Hibs boss Paul Heckingbottom vows: ‘I’ll stand my ground’

Hibernian manager Paul Heckingbottom accepts that when he heads through to Hampden next week, he will have to answer for elements of his behaviour during last weekend’s draw with Celtic.

Paul Heckingbottom has been upset by a number of refereeing decisions this season. Picture: SNS.
Paul Heckingbottom has been upset by a number of refereeing decisions this season. Picture: SNS.

But the manager, who was sent to the stand following a first-half flashpoint, does not believe he is the only one who should be answering for his choices.He raged against a free-kick that ultimately led to Celtic’s equaliser and after admonishing the fourth official, who was the one who had highlighted the infringement, he took his frustrations out on a water bottle, accidentally hitting the assistant referee who was in the wrong place at the wrong time.

“There are things that I know I did wrong and shouldn’t have done, which were pointed out to me and I didn’t even realise had happened at the time,” said the Leith boss. “However, there are other aspects that I will stand my ground on. I will have a discussion about what I think was right and wrong.”


Particularly upset that Celtic’s Olivier Ntcham was not sent off for raising his hands and lashing out at Josh Vela, Heckingbottom said frustrations boiled over because his men were, too often, on the receiving end of poor decisions and he ridiculed the notion that they would balance themselves out over the course of a season.

“I’m not bitter or angry about it. I just want to go through [to the disciplinary hearing at Hampden] on Thursday and get it resolved,” he said.

“Other people will have different interpretations about incidents. But it was the ones that were absolutely black and white that seem to have been going against us all season – blatant offsides, blatant slaps in the face. Time after time, there are no debating those things. They have happened and should be dealt with.

“You can feel aggrieved. It’s not excuses and we just need to be even better – and hope that we get four goals given to us and one of our players gets away with a right hook. Then it will have evened itself out over the season. But what are the chances of that? Very remote.”

Determined to get his point across rather than meekly accept his punishment, he conceded that he should never have kicked the water bottle but does not believe he should be taken to task for an expletive directed towards the fourth official, suggesting it would be hypocritical given what happened between himself and officials in the final derby of last season, when he accused fourth official Gavin Duncan of swearing at him,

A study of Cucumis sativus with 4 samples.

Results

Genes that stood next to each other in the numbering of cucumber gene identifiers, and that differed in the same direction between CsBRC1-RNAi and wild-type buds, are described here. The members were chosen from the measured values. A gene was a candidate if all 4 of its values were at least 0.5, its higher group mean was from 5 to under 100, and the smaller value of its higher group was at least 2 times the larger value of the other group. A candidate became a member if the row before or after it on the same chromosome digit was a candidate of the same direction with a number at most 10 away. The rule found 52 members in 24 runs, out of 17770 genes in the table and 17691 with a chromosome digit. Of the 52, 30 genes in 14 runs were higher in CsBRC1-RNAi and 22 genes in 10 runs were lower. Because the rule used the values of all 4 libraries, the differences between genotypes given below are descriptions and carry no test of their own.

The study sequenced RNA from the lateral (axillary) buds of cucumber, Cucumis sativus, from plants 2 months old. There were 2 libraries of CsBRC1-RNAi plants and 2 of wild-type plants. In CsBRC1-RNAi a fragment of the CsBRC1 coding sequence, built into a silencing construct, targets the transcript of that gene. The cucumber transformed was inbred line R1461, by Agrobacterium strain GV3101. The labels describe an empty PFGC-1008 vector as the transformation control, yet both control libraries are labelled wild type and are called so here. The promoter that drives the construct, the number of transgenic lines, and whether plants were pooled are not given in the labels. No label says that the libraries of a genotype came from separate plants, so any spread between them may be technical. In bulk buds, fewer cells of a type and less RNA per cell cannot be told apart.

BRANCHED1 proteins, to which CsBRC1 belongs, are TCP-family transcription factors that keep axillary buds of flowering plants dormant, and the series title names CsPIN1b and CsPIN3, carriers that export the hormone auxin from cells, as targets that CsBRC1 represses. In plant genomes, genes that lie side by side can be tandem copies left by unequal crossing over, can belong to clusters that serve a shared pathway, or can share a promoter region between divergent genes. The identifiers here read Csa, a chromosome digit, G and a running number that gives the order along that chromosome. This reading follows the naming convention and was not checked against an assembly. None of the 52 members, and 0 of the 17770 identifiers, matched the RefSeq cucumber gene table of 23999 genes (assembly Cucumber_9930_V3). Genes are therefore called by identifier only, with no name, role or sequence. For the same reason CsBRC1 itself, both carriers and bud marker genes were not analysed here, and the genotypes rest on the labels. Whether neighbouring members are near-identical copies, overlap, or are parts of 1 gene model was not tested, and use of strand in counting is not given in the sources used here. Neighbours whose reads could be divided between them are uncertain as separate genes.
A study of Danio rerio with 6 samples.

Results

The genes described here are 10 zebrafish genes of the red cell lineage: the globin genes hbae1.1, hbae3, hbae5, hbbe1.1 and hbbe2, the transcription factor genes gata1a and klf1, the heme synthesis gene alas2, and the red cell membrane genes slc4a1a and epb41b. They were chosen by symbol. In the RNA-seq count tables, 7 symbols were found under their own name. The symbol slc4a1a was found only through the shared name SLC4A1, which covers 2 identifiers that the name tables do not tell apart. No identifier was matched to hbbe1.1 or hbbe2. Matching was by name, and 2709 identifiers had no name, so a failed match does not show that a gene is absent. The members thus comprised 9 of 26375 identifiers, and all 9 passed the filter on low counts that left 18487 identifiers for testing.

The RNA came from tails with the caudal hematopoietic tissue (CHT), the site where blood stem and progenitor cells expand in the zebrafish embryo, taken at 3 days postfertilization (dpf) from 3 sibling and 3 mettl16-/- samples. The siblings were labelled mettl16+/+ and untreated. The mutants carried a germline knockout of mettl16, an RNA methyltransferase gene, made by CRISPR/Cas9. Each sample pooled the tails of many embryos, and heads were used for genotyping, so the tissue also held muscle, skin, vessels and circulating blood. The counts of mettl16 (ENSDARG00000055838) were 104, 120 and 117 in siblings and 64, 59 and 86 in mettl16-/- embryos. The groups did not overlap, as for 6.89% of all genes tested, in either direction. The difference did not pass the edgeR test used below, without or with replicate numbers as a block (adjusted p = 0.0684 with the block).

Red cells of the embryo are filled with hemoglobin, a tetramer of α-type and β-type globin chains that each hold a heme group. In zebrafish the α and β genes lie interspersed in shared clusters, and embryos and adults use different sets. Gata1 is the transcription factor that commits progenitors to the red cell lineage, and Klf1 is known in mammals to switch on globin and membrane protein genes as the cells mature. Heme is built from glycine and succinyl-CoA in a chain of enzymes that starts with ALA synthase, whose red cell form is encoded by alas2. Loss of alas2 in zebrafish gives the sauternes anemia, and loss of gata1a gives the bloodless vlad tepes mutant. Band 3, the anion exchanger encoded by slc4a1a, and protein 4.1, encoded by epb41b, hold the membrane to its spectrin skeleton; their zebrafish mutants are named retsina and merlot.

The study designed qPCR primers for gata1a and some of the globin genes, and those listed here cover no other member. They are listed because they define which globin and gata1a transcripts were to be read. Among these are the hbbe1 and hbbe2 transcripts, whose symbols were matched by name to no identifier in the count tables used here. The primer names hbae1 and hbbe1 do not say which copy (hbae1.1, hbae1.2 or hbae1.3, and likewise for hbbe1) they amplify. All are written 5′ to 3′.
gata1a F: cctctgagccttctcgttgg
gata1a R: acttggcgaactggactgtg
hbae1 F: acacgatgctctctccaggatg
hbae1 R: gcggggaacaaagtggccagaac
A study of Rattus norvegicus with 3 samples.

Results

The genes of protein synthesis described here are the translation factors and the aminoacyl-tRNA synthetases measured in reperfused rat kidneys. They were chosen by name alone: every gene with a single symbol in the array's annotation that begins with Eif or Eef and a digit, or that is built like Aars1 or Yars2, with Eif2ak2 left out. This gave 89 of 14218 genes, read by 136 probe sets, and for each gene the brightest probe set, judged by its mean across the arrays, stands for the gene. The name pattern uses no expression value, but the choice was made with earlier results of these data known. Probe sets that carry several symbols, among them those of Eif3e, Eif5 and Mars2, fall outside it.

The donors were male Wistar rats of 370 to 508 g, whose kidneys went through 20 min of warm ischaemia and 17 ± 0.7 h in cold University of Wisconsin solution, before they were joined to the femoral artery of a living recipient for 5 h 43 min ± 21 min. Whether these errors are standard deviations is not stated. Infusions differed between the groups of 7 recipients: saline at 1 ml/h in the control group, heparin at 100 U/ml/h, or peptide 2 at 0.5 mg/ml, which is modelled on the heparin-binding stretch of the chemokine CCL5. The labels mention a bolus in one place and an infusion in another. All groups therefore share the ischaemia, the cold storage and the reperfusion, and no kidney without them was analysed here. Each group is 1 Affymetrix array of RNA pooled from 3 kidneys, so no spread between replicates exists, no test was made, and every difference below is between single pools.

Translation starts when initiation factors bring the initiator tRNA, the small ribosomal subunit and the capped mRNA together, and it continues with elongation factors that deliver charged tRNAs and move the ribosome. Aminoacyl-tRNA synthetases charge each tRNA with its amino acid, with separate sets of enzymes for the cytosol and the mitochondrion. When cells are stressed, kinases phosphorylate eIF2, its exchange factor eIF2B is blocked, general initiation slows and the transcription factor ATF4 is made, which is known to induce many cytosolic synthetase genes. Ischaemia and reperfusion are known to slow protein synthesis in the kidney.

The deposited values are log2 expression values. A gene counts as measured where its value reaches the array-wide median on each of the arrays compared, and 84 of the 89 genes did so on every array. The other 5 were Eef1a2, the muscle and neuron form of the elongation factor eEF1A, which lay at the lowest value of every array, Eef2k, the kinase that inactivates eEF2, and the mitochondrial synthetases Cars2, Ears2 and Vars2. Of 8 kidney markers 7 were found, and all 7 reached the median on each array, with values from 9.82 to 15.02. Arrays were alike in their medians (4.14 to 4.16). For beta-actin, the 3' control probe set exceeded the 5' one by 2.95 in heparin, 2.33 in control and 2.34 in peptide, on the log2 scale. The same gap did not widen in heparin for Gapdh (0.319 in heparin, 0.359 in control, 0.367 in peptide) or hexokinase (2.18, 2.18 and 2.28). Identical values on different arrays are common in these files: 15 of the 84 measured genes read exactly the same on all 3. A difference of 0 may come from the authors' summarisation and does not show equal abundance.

“I didn’t think I said anything out of the norm – especially when you’ve had fourth officials swear at you in the past. A lot of it is just part and parcel.

“But I’ve seen what they’ve sent back and I’m happy to go through and deal with it. I’ll just need to make sure there are no water bottles about!”

Heckingbottom’s men will be looking to deal with Aberdeen at Pittodrie today and, while Hibs were buoyed by their display against Celtic last week, Aberdeen are smarting from the humiliation at the hands of Rangers and, on the back of the cup exit against Hearts, they aim to get back on track.

Ryan Porteous, inset, returning to the Hibs side following his League Cup red card, knows that is something the Leith side must be wary of.

“They are a really, really good team and although they are possibly underperforming just now, it will be a tough game, he said.”

He accepts he will have to make the most of lessons learned when it comes to coping with the threat of Dons dangerman Sam Cosgrove.

“It will be a good physical battle but he is a smart player and he has a lot of pace as well. He has more to his game than being a big brute,” Porteous added.”

Despite the red card for his tired lunge to prevent a breakaway goal deep into extra time in the cup tie, he hopes people see more to his game as well, as he becomes more streetwise.

“I have already spoken to the manager and the coaching staff before about the kind of tackles I should be making,” he said. “He basically said it was fine making that tackle if it’s taking a yellow card for the team but I have to find a way to do it so I’m actually getting a yellow card and not a red.

“Darren [McGregor], Dave [Gray] and Paul [Hanlon] have all said I could have just grabbed at him with my hands or maybe tripped him up in a cuter way but I think it looked worse than it actually was. I wasn’t going in to hurt him, I was just trying to stop the counter-attack.”